As I promised Bush Baptist, my account of my most recent NT sighting...
The Narina trogon must be a candidate for southern Africa’s most beautiful and elusive bird. Its habit of perching shock still to survey the immediate area with slow and deliberate movements interspersed by sudden silent sallies to capture prey turns this bird with its bottle-green upperparts into a cryptic part of the evergreen forests it inhabits.
I was enjoying muffins and coffee at the St Lucia Crocodile Centre Tea Garden when this male bird flew in and parked itself 10m away and, in true trogon fashion, started to slo-o-o-owly survey the area. I fortuitously had my camera with me, albeit all zipped up in its carry bag. Without taking my eyes off the trogon I unzipped the camera and flicked on all required switches, all in slow motion, involuntarily matching the deliberate movements the trogon was making. Eventually I got off a few shots. They turned out to be my best Narina Trogon pix so far.
Trogons deliberately turn their backs when they notice an observer. This is apparently to hide the crimson under-parts which might otherwise draw attention; exactly what this bird did once it noticed my inept efforts not to attract its attention while trying to photograph this beauty.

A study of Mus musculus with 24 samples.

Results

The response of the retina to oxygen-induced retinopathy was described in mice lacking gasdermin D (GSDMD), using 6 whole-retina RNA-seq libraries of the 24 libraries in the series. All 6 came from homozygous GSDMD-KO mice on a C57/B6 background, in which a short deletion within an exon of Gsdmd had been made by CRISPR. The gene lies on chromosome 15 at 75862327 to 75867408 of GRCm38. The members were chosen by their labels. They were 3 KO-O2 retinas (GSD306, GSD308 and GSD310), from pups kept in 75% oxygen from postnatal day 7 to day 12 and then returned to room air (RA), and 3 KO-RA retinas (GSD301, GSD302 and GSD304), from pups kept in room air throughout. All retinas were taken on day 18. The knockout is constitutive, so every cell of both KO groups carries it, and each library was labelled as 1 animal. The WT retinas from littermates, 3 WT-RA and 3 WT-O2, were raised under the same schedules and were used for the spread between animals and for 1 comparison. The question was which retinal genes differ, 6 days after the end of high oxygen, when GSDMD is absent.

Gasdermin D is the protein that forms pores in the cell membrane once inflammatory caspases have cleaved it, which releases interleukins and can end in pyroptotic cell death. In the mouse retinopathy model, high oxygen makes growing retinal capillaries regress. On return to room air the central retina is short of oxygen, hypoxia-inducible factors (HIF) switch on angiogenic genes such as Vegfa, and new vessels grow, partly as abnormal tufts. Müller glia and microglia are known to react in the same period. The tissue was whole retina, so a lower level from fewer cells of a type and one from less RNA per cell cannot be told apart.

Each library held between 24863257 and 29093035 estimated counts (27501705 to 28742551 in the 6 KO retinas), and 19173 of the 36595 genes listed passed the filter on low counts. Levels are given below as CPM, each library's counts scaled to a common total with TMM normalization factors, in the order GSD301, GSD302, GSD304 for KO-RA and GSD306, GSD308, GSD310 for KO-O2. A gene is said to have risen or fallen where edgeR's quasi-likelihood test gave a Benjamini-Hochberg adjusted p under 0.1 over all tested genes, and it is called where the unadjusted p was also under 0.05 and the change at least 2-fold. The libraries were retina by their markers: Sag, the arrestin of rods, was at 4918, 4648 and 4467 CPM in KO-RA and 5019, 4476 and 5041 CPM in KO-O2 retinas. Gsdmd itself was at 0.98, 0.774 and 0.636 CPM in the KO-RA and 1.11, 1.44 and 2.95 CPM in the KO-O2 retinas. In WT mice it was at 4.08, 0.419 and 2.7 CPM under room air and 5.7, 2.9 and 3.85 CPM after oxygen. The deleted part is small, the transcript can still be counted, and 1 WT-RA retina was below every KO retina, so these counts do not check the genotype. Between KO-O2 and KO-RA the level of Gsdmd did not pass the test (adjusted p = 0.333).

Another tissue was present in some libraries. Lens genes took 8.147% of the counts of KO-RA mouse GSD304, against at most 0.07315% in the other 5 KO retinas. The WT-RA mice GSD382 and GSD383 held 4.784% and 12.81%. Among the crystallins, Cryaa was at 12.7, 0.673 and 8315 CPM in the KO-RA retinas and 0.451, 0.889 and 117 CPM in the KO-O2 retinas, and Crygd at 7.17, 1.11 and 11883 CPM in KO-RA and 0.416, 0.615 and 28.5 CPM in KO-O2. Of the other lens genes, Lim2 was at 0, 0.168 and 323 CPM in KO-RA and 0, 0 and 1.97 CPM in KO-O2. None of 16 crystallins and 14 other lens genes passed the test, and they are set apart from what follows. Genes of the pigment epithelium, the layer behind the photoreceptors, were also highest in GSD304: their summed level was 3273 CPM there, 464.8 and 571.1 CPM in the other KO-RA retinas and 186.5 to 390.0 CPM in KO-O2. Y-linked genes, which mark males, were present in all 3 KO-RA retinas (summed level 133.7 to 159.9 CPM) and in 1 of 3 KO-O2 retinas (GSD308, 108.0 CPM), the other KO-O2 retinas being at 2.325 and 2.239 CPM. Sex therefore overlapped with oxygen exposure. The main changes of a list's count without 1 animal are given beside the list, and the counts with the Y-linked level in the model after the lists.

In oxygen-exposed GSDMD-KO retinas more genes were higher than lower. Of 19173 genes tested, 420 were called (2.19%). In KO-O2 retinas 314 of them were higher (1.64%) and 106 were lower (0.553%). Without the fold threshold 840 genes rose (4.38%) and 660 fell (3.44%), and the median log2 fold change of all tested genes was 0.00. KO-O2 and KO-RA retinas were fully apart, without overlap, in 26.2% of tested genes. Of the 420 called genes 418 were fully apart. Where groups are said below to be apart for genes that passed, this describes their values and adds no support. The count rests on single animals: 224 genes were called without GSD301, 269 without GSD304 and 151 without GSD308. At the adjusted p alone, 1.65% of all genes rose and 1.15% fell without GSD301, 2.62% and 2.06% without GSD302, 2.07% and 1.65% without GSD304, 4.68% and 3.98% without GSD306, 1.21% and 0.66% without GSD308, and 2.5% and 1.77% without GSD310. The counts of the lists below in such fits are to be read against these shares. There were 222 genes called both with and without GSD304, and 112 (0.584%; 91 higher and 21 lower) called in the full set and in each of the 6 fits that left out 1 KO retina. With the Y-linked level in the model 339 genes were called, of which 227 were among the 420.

Narina Trogon, Apaloderma narina
, is just one of almost 40 trogon species that inhabit forested regions of the world.
As I was writing this note I wondered: Where did the name Narina
trogon originate from?
The cavalier French ornithologist François Le Vaillant after whom birds like Levaillant’s cisticola and Levaillant’s cuckoo are named, came to southern Africa in 1781 at the age of 28. On his first of three expeditions he travelled east as far as the Great Fish River with a large contingent and three ox wagons. His luggage included enough clothing and linen, he said, to allow him to change three times a day; specimen drawers, guns and gunpowder, an elaborate kitchen setup, a dressing box, tents, tools and much brandy, beads and tobacco for barter. His entourage included Kees, a baboon who served as food taster and companion, and a rooster which was his alarm clock. The large retinue of Khoikhoi included a woman called Narina with whom he had had a short and steamy affair. It was after her that he named this beautiful bird.
Le Vaillant also rewarded others by naming birds after them: One of the gentleman who aided Le Vaillant in his collections was named Klaas. Klaas was responsible for the shooting or trapping birds. In honour of the contribution Klaas made towards his discoveries he named a cuckoo after him, hence Klaas’s Cuckoo.
Rumour has it that Le Vaillant created quite a stir back in the day by submitting specimens of birds that did not really exist! He would supposedly fabricate species using bits and pieces from a number of different birds. Thus he ‘discovered’ a large number of birds that have never actually been seen! Can one blame the lad when you consider that his explorations were being paid for by museums on a ‘per species specimen’ basis?